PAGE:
Memcached: distributed cache for your application

Targerts: projects with huge amount of data, that could be quite static; projects with huge amount of data that are non-important in case you loose it;

While looking at today’s erlang-russia subscription, I found out comment about custom implementation of gen_server, that executes about 30% faster that embedded into erlang. And this post contained comment about gen_server implementation in merle erlang project – that is a client to memcached. I’ve read a bit about memcached and idea made me interested.

Memcached is server for caching key-value pairs from your application. The main advantage is that it is distributed cache, that means your application can maintain data on several cache servers. This again means that theoretically in case you have a lot of data, you can spread it over servers. For me prove of concept was list of services that uses Memcached: LiveJournal, Wikipedia, Flickr, Bebo, Twitter, Typepad, Yellowbot, Youtube, Digg, WordPress.

So I started some testings. First, I’ve got sources of memcached and make them. It takes just a minute including dowload, so it is very easy to install. Then I started 2 instances – one on default port 11211 and second on port 11212.
Merle erlang client showed good results on storing/getting values – it put 1 000 000 key-pairs in 130 seconds and fetched 1 000 000 key-pairs in about 110 seconds. BUT – this client implementation is not distributed 🙁 . When I tried to connect to my second instance it wrote that gen_server already running. Well, it is 0.3 version of implementation, so hopefully we’ll see it distributed in some near future, otherwise for the moment the only use of it I can see is to share data between several nodes of erlang.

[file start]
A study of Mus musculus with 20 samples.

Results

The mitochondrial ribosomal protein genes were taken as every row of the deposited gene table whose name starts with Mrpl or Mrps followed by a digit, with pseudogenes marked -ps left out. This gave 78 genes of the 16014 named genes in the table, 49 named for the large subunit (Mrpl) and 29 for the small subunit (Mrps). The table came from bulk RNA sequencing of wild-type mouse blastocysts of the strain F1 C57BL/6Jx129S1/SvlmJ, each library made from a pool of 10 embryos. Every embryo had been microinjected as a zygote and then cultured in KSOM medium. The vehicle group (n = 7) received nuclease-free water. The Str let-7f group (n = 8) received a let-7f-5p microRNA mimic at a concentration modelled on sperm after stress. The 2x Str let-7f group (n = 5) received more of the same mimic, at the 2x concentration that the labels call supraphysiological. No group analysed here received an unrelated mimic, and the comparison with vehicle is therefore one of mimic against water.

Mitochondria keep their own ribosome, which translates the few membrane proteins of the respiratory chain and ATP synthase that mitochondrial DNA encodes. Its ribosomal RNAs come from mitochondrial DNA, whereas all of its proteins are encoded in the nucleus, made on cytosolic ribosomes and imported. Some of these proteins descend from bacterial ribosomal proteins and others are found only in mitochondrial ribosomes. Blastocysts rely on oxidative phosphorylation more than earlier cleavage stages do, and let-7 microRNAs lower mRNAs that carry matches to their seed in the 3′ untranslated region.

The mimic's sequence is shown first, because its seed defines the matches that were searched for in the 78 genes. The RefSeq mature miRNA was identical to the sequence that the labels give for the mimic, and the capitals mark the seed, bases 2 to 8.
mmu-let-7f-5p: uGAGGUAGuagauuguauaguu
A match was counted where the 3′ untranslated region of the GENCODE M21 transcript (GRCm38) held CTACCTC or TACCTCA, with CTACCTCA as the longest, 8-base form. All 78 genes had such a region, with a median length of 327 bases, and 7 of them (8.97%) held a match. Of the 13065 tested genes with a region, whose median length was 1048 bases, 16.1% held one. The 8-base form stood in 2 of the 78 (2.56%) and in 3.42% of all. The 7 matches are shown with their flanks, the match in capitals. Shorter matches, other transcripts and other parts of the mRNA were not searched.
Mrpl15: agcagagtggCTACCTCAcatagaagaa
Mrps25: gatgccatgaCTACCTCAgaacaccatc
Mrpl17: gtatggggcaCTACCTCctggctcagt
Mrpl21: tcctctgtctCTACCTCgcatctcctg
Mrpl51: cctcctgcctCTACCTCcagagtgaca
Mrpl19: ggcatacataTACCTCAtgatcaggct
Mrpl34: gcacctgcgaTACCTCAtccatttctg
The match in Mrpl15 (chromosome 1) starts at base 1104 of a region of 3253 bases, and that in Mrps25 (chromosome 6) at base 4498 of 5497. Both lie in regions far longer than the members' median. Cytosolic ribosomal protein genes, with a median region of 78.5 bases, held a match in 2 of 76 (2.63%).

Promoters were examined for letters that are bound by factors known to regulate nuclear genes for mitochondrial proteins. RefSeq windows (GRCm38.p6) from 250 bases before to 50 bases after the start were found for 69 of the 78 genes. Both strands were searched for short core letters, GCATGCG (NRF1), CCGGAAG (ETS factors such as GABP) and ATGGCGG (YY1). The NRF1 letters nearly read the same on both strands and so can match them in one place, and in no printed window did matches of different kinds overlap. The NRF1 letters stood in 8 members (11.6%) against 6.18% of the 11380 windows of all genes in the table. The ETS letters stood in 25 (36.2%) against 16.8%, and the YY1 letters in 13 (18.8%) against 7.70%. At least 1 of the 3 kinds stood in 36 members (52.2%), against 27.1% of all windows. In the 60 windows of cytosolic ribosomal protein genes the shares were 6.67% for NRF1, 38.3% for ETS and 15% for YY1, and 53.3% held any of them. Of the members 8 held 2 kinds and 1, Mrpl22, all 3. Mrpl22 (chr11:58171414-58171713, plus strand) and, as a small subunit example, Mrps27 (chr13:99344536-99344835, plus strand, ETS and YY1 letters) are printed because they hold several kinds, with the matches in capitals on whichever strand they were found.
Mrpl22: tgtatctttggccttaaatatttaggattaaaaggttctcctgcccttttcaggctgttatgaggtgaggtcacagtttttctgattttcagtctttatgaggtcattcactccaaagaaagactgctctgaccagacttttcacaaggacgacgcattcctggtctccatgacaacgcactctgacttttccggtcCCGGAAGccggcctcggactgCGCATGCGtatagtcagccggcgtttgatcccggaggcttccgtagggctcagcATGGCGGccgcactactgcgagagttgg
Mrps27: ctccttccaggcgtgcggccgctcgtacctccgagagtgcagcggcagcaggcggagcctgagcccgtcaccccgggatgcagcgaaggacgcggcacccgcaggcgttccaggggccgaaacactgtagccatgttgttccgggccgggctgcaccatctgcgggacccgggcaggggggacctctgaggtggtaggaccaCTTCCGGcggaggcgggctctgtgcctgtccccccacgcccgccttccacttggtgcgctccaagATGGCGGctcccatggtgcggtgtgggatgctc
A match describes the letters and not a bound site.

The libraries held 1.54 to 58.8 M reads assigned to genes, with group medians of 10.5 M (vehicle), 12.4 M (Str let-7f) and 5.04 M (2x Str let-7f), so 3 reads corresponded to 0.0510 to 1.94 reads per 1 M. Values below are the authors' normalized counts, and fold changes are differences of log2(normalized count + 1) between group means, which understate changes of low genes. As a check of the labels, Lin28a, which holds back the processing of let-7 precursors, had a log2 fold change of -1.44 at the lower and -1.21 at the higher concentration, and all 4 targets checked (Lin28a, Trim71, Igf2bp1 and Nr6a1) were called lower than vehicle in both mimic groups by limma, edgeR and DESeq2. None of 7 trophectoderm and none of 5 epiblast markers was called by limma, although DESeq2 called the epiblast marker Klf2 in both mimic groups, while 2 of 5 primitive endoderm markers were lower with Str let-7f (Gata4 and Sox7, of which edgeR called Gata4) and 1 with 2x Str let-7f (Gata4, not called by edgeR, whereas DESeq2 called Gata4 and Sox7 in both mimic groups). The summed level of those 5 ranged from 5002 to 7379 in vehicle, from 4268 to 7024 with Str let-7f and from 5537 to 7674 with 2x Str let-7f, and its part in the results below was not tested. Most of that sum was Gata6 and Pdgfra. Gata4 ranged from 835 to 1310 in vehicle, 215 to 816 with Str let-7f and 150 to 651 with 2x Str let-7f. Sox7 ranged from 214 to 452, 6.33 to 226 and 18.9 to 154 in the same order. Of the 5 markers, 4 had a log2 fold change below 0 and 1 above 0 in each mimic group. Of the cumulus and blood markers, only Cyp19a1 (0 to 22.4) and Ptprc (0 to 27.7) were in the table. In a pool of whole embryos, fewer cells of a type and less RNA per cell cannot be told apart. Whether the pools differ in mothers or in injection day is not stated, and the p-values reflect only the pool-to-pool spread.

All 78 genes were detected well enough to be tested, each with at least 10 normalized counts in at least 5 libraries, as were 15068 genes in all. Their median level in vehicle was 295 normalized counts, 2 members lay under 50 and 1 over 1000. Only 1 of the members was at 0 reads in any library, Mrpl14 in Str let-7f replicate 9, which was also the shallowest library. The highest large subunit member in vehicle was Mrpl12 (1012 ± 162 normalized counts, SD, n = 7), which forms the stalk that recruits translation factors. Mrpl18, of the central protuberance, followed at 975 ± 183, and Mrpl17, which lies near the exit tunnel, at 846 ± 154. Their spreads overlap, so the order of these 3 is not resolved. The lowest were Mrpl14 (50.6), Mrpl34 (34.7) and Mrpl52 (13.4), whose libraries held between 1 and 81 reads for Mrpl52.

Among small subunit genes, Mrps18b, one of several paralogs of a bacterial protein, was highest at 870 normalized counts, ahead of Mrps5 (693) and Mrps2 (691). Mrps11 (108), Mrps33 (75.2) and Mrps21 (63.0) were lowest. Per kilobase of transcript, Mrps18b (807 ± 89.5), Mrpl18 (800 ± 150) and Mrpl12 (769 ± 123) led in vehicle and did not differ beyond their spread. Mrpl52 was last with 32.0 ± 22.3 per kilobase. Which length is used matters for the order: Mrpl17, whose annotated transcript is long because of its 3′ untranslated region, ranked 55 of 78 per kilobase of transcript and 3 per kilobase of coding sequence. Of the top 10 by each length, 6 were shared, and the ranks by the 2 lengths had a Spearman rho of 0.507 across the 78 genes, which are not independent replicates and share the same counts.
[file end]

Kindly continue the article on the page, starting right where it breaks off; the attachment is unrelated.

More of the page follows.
Next I tried java client implementation. First that I found was spymemcached. As it is implemented through the java-classes I had no doubts it will connect to several instances of memcached. You need to create several connections to do this, but this is not yet a distributed cache as you need manually check if server contains hash of the key. The solution was – a hibernate implementation based on spymemcached. You can put space delimited list of memcached instances in host:port format into configuration of hibernate, thus you’ll have fully distributed resource. As spymemcached show performance same as erlang implementation, and it was quite impressive, I think hibernate-memcached could be very useful in java and grails.
Meanwhile there are clients for PHP, Perl, Ruby, C# of memcached. But it is not possible to read from cache values inserted from other language (well, theoretically it is possible,

Merle erlang client quite easy to change so, that it will be able to read simple strings from Java, but “as is” Merle and Spymemcached are non-compatible.

Conclusion: memcached is interesting technology, in case your language has proper client implementation it will be interested for you to try it in distributed mode.